In 1932, Soviet leader Josef Stalin unleashed genocide in Ukraine, Stalin determined to force Ukraine’s millions of independent farmers – called kulaks – into collectivized Soviet agriculture, and to crush Ukraine’s growing spirit of nationalism.
Faced by resistance to collectivization, Stalin unleashed terror and dispatched 25,000 fanatical young party militants from Moscow – earlier versions of Mao’s Red Guards – to force 10 million Ukrainian peasants into collective farms. Secret police units of OGPU began selective executions of recalcitrant farmers.
When Stalin’s red guards failed to make a dent in this immense number, OGPU was ordered to begin mass executions. But there were simply not enough Chekists (secret police) to kill so many people, so Stalin decided to replace bullets with a much cheaper medium of death – mass starvation.
All seed stocks, grain, silage and farm animals were confiscated from Ukraine’s farms. (Ethiopia’s Communist dictator Mengistu Haile Mariam used the same method in the 1970s to force collectivization. The resulting famine caused one million deaths.)
OGPU agents and Red Army troops sealed all roads and rail lines. Nothing came in or out of Ukraine. Farms were searched and looted of food and fuel. Ukrainians quickly began to die of hunger, cold and sickness.
When OGPU failed to meet weekly execution quotas, Stalin sent henchman Lazar Kaganovitch to destroy Ukrainian resistance. Kaganovitch, the Soviet Eichmann, made quota, shooting 10,000 Ukrainians weekly. Eighty per cent of Ukrainian intellectuals were executed. A party member named Nikita Khruschchev helped supervise the slaughter.
During the bitter winter of 1932-33, mass starvation created by Kaganovitch and OGPU hit full force. Ukrainians ate their pets, boots and belts, plus bark and roots. Some parents even ate infant children.
Britain, the U.S. and Canada were fully aware of the Ukrainian genocide and Stalin’s other monstrous crimes. (Soviet Leader Josef Stalin committed genocide in the ’30s, then became an ally against Hitler in the ’40s)
The precise number of Ukrainians murdered by Stalin’s custom-made famine and Cheka firing squads remains unknown to this day. The KGB’s archives and recent work by Russian historians show at least seven million died. Ukrainian historians put the figure at nine million or higher. Twenty-five per cent of Ukraine’s population was exterminated.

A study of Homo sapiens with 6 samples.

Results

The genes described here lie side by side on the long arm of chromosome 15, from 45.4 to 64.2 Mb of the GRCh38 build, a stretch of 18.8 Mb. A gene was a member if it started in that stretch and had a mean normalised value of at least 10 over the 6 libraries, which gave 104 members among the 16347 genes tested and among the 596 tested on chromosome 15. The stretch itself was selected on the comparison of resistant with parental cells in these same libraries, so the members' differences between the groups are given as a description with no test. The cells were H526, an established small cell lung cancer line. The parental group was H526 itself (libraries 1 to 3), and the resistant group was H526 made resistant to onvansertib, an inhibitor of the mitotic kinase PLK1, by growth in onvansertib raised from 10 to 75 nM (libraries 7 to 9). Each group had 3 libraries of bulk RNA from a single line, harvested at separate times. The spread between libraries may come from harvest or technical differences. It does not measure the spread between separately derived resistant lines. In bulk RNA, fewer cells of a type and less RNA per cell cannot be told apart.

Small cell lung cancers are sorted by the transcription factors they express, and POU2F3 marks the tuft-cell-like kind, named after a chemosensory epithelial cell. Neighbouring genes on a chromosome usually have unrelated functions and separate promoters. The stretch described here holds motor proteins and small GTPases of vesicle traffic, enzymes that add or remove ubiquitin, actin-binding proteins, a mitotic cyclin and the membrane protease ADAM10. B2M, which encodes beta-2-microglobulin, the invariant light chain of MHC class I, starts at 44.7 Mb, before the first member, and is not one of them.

Six million other farmers across the Soviet Union were starved or shot during collectivization. Stalin told Winston Churchill he liquidated 10 million peasants during the 1930s. Add mass executions by the Cheka in Estonia, Lativia and Lithuania, the genocide of three million Muslims, massacres of Cossacks and Volga Germans, and Soviet industrial genocide accounted for at least 40 million victims, not including 20 million war dead.
Kaganovitch and many senior OGPU officers (later, NKVD) were Jewish. The predominance of Jews among Bolshevik leaders and the frightful crimes and cruelty inflicted by Stalin’s Checka on Ukraine, the Baltic states and Poland led the victims of Red Terror to blame the Jewish people for both communism and their suffering. As a direct result, during the subsequent Nazi occupation of Eastern Europe, the region’s innocent Jews became the target of ferocious revenge by Ukrainians, Balts and Poles.
While the world is now fully aware of the destruction of Europe’s Jews by the Nazis, the story of the numerically larger holocaust in Ukraine has been suppressed, or ignored. Ukraine’s genocide occurred eight to nine years before Hitler began the Jewish Holocaust and was committed, unlike Nazi crimes, before the world’s gaze. But Stalin’s murder of millions was simply denied or concealed by a left-wing conspiracy of silence that continues to this day. In the strange moral geometry of mass murder, only Nazis are guilty.
Socialist luminaries like Bernard Shaw, Beatrice and Sidney Webb and Premier Edouard Herriot of France, toured Ukraine during 1932-33 and proclaimed reports of famine were false. Shaw announced: “I did not see one under-nourished person in Russia.” New York Times correspondent Walter Duranty, who won a Pulitzer Prize for his Russian reporting, wrote claims of famine were “malignant propaganda.” Seven million people were dying around them, yet these fools saw nothing. The New York Times has never repudiated Duranty’s lies.
Modern leftists do not care to be reminded their ideological and historical roots are entwined with this century’s greatest crime – the inevitable result of enforced social engineering and Marxist theology.
Western historians delicately skirt the sordid fact that the governments of Britain, the U.S. and Canada were fully aware of the Ukrainian genocide and Stalin’s other monstrous crimes. Yet they eagerly welcomed him as an ally during the Second World War. Stalin, who Franklin Roosevelt called “Uncle Joe”, murdered four times more people than Adolph Hitler.
“None of the Soviet mass murderers who committed genocide were ever brought to justice. Lazar Kaganovitch died peacefully in Moscow a few years ago, still wearing the Order of the Soviet Union and enjoying a generous state pension.”